Players of popular the Chinese mobile game "Honor of Kings" have reportedly found a way around newly-implemented time restriction rules, according to Beijing News on Wednesday.
The game's developer Tencent rolled several time limitations on Tuesday in response to growing public outcry over reports of severe gaming addiction among Chinese children and teenagers.
However, the measures were immediately challenged, with players cracking the system and bragging about its loopholes.
Some primary school students reportedly registered for player accounts with adult ID information found or purchased online, reported the paper.
The anti-addiction system of 'Honour of Kings.'/screen grab
Others claimed the system could be hacked into, and players' information such as their ages could be changed.
Via the official account of Tencent, "Honor of Kings" said it would upgrade its anti-addiction system to prevent the game from having an unhealthy impact on children.
"A perfect system and function can never be achieved overnight. We expect assistance and cooperation from parents," the team added.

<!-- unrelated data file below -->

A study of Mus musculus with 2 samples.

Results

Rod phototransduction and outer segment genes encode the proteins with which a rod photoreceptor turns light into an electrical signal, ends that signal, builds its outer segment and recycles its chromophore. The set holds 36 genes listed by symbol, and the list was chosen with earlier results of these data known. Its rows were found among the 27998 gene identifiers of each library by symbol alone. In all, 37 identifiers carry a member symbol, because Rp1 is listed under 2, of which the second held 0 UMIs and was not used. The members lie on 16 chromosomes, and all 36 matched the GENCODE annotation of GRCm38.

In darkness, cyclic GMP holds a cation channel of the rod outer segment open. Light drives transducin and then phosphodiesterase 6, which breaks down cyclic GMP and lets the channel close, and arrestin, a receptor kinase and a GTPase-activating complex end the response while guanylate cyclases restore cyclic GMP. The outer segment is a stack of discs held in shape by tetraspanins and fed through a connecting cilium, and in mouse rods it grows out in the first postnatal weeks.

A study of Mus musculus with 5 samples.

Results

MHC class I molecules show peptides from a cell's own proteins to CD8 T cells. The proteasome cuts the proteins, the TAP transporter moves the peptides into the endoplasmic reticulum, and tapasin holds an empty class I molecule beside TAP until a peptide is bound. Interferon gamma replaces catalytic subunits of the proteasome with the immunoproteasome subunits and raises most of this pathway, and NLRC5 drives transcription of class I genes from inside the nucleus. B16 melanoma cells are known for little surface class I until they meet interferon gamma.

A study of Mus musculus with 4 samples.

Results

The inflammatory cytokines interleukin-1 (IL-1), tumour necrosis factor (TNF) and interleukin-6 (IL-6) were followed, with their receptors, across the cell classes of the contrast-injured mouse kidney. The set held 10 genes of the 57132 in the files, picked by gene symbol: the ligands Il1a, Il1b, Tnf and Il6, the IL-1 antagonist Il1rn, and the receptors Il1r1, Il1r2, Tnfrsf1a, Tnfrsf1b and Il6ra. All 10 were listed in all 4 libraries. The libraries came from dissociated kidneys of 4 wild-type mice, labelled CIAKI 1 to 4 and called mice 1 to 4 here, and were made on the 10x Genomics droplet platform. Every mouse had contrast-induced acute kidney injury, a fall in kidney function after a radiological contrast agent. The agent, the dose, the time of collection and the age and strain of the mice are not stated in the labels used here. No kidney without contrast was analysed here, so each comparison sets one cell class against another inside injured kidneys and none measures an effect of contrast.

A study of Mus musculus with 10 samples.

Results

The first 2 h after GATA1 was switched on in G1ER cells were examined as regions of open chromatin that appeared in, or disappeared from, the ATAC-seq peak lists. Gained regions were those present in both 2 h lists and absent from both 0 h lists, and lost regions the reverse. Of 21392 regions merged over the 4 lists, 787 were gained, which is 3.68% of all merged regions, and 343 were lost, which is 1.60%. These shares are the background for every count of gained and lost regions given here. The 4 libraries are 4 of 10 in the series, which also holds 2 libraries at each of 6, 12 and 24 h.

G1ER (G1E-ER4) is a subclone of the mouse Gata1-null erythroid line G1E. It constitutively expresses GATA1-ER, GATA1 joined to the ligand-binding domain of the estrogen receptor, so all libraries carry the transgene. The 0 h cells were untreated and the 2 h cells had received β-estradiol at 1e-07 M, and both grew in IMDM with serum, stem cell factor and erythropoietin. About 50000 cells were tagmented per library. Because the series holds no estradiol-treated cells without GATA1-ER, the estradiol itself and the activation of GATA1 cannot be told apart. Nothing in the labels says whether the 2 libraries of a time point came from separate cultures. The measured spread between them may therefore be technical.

According to Tencent, players under the age of 12 will be limited to one hour of play time per day, and will be blocked from accessing the game after 9:00 p.m. Users aged between 12 and 18 will only be able to play for two hours each day.
A commentary by Tuesday's People's Daily raised the question of whether the game is entertaining the public or damaging people's lives, after arguing that "Honor of Kings" poses a threat to society, citing real life examples.
A 17-year-old from Guangdong Province suffered a type of stroke after spending 40 consecutive hours on the game, and a 13-year-old jumped off a building after being lectured by his father for spending too much time playing on his phone.
The game is reported to have more than 80 million daily active users, meaning one in every seven Chinese people is playing the game at any one time. Children under 17 years of age account for 20 percent of its users.
In another commentary published later that day, this state media has stressed the significance of coordinated efforts by both the government and the game developer while recognizing the "game is not evil by nature."
Parental supervision should play a better role, said Xiong Bingqi, an educational expert. "They should spend more time with their children, rather than turning them away to animations and online games, even addicted to games themselves."
Honor of Kings poster
There are no specific laws or guidelines in China to help prevent adolescents from growing addicted to gaming.
In South Korea, a country haunted by the same issue, children under the age of 16 are barred from playing between midnight to 6:00 a.m., and gaming companies failing to implement the rules face imprisonment and fines.
Amid an avalanche of online criticism, the share price of Tencent Holdings, listed in Hong Kong, continued to dip on Wednesday following sharp falls on Tuesday, falling by 3.27 percent at the time of publishing this article.